Managing Your Elderly Parent’s Medications
If your elderly parent is taking a lot of medications, he or she is not alone. Studies show that 87% of seniors take one prescription drug, 36% take five or more, and 38% use over-the-counter medications.
Taking medicine correctly is vital. That’s why medication management for seniors is so important.
Creating a simple system can help your loved one avoid common medication mistakes like taking the wrong drug, missing doses, or taking more than prescribed.
Here's a place to start.
Gather all medications, vitamins, OTC meds, and supplements into one location
If medication, vitamins, over-the-counter medication, or supplements are stored in different locations, it’s easy to lose track of everything. It’s especially important to include over-the-counter medications because they could still cause negative drug reactions when combined with prescription medications. When everything is in one place, you can see exactly what is being taken, make sure similar prescriptions aren’t being prescribed for the same health condition, and know when to dispose of expired medications. To stay organized and increase medication safety, keep all their current pill bottles and packages together.
Make sure medication is stored properly
In general, medication should be kept in a cool and dry place. The bathroom cabinet isn’t a good place to keep medications because moisture and heat can affect drugs. Medications should also be kept away from children or pets. For medication that requires specific storage, like refrigeration, follow the doctor or pharmacist’s instructions.
Create and maintain an up-to-date medication list
To prevent negative drug interactions, you need to know exactly what medications your loved one is taking. Keep an up-to-date list of their medications, vitamins, supplements, and over-the-counter medications.
This form can help. Don't forget to bring an updated copy to every doctor's appointment.
Pre-sort medications for the week
The best type of pill organizer for your parent is one with enough compartments for every dose they’ll need throughout the day. If pills need to be split, consider doing this ahead of time and include those halves in the pill organizer compartments.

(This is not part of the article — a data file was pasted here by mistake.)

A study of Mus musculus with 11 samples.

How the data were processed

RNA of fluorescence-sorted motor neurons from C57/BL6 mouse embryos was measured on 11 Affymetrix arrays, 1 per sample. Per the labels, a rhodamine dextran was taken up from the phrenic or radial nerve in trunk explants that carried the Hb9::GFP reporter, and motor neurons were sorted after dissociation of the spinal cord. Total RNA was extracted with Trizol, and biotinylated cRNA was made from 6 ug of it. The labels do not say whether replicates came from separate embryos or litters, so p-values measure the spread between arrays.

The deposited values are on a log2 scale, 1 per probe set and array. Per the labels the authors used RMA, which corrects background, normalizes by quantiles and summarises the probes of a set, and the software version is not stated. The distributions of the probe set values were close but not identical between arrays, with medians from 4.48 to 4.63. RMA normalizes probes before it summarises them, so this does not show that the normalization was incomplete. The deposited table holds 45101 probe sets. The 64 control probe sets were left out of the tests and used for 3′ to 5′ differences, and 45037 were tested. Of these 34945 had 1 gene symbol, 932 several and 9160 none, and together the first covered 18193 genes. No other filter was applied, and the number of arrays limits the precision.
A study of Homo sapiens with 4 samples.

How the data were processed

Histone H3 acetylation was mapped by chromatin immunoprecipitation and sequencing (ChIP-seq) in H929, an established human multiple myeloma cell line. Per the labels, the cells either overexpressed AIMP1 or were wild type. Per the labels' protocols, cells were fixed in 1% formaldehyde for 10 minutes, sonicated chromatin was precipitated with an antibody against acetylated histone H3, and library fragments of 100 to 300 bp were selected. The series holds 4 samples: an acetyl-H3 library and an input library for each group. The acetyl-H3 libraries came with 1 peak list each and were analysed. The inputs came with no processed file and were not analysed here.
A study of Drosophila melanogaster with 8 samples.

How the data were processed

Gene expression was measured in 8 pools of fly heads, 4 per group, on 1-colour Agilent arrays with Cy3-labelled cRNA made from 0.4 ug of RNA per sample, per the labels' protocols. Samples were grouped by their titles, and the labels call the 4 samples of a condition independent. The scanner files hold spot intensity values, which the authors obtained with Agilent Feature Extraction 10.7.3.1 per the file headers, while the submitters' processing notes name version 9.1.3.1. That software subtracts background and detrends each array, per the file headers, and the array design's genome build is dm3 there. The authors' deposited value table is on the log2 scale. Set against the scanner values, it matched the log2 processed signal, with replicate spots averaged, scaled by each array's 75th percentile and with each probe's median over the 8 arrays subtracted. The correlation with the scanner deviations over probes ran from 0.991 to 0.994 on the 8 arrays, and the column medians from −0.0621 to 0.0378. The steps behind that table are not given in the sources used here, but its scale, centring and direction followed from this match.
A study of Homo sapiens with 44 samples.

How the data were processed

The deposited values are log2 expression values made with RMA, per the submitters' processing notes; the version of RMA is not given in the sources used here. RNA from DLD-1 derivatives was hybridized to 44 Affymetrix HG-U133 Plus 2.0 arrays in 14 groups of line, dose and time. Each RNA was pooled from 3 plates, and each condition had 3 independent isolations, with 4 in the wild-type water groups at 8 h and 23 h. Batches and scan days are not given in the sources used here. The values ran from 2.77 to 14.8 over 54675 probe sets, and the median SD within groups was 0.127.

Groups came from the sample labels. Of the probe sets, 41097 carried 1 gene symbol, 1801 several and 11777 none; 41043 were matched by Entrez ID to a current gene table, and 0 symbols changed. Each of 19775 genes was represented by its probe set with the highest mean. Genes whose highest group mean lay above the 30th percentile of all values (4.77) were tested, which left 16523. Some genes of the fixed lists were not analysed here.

Double check for negative drug interactions
Many older adults are taking multiple medications, vitamins, over-the-counter medications, or supplements. Check to make sure none of them will cause negative drug interactions. To make sure there aren’t any interactions that the doctor or pharmacist could have missed, use an online drug interaction checker like this one from AARP to look for problems. If any interactions are found, call the doctor or pharmacist for advice right away. Don’t make any changes on your own.
Plan ahead for refills
Get refills on time so your parent won’t miss doses. One option is to ask the doctor to prescribe a 90-day supply through a mail-order pharmacy. Another option is to arrange for automatic refills from your local pharmacy. Some pharmacies may also have free prescription delivery services. New online pharmacy services like PillPack, Blink Health, or Amazon Pharmacy offer home delivery and medication coordination services, often with nice discounts. Keep in mind that online pharmacies can’t dispense or deliver all medications, so it's a good idea to check that your older adult’s drugs are included before switching to a new service. If all else fails, mark the refill dates on your calendar so you’ll always remember to order a refill and pick it up before your loved one’s supply runs out.
If you're looking after an elderly parent and you could use a hand, Takacs McGinnis Elder Care Law can help. Just give us a call at 615.824.2571.